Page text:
Charles Starrett plays lawman Steve Forsythe in Ridin' the Outlaw Trail. Somewhere along the line, of course, Steve is obliged to don the mask of The Durango Kid, mysterious righter of wrongs. The "wrongs" in this instance include the theft of $20,000 in gold, and the "kidnapping" of a blacksmith's forge! Jim Bannon, who only a few months earlier had played the heroic Red Ryder, provides the villainy in this fast-paced "Durango Kid" entry
Charles Starrett returns as the Durango Kid in Columbia's Rough, Tough, West. For most of the film, however, Starrett is known as "Steve Holden," a former Texas Ranger who comes to a wide-open mining town to visit an old friend (Jack -- later Jock -- Mahoney).
Filmed at the Providencia Ranch (today's Forrest Lawn in Burbank, CA), this typical "Durango Kid" Western featured the Cass County Boys performing "Go West Young Lady" by Sammy Cahn and Saul Chaplin, in addition to series regular Smiley Burnette singing his own "It's My Turn" and "The Yodeler.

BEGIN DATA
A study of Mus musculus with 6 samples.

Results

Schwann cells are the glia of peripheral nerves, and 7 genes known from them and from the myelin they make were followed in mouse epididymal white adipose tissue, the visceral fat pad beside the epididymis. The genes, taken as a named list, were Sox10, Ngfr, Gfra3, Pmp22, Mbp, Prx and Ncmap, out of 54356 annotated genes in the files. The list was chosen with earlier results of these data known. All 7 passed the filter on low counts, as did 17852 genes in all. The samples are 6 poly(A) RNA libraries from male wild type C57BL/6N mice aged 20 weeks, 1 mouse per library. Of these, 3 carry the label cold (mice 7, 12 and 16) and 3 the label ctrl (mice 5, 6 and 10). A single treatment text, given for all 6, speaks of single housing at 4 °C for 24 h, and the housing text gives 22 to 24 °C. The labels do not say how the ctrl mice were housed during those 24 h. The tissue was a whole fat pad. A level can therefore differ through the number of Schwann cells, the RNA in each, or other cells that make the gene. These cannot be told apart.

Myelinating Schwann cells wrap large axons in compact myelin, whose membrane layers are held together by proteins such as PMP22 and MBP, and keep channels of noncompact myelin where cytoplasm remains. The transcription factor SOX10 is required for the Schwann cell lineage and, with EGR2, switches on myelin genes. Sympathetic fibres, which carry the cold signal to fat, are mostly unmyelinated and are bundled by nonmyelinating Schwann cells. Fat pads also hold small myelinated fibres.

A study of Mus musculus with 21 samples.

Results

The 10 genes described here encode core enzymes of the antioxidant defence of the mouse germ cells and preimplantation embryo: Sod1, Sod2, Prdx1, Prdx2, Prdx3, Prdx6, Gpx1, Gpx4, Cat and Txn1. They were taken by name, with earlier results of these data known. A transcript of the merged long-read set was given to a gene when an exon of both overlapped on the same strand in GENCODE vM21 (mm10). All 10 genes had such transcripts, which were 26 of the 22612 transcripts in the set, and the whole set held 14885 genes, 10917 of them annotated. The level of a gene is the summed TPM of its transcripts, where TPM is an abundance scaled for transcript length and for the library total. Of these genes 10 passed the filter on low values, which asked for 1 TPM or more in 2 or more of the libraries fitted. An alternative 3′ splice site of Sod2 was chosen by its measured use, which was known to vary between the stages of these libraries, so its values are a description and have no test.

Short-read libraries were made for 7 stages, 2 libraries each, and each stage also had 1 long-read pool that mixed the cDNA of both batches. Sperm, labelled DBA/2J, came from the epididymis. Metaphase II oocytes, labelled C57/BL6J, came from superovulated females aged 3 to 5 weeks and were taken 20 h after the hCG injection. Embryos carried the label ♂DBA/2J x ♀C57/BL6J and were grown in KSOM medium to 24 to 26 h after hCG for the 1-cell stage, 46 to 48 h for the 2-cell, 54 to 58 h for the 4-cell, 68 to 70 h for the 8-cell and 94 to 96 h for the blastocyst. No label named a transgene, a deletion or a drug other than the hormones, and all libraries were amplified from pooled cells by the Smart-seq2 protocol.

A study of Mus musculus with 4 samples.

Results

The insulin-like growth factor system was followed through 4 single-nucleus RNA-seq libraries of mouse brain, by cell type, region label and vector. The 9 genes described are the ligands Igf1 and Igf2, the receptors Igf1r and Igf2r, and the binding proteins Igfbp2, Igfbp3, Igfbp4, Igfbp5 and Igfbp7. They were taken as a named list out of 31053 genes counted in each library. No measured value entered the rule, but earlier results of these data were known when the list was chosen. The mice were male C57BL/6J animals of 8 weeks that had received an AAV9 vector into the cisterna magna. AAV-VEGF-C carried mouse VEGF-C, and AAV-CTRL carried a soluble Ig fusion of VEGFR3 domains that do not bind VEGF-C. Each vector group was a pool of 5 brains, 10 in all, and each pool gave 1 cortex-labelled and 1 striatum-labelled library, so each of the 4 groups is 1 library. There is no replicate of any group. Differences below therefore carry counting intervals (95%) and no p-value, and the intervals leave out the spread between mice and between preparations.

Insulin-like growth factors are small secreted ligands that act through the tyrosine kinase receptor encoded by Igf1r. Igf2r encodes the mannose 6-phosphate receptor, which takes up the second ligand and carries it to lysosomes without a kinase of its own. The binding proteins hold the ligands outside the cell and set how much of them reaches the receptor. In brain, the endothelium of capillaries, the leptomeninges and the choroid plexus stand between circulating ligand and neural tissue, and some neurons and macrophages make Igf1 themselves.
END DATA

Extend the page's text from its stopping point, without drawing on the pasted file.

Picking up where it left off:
Quick on the Trigger was Charles Starrett's second "Durango Kid" picture for 1949. It all begins when ousted sheriff Steve Warren (Starrett) is put on trial for the murder of heroine Nora Reed's (Helen Parrish) brother.
It's 1873 and the disbanded Texas Rangers have been replaced by the corrupt Texas State Police. Steve Lanning arrives posing as a wanted outlaw to get in with them in his attempt to have them replaced.
Successful and well-liked, Dr. Noah Praetorius becomes the victim of a witchhunt at the hands of Professor Elwell, who disdains Praetorius's unorthodox medical views and also questions his relationship with the mysterious, ever-present Mr.
Based on the novel by Rumer Godden, Jean Renoir’s entrancing first color feature—shot entirely on location in India—eloquently contrasts the growing pains of three young women with the immutability of the Bengal river around which their daily lives unfold.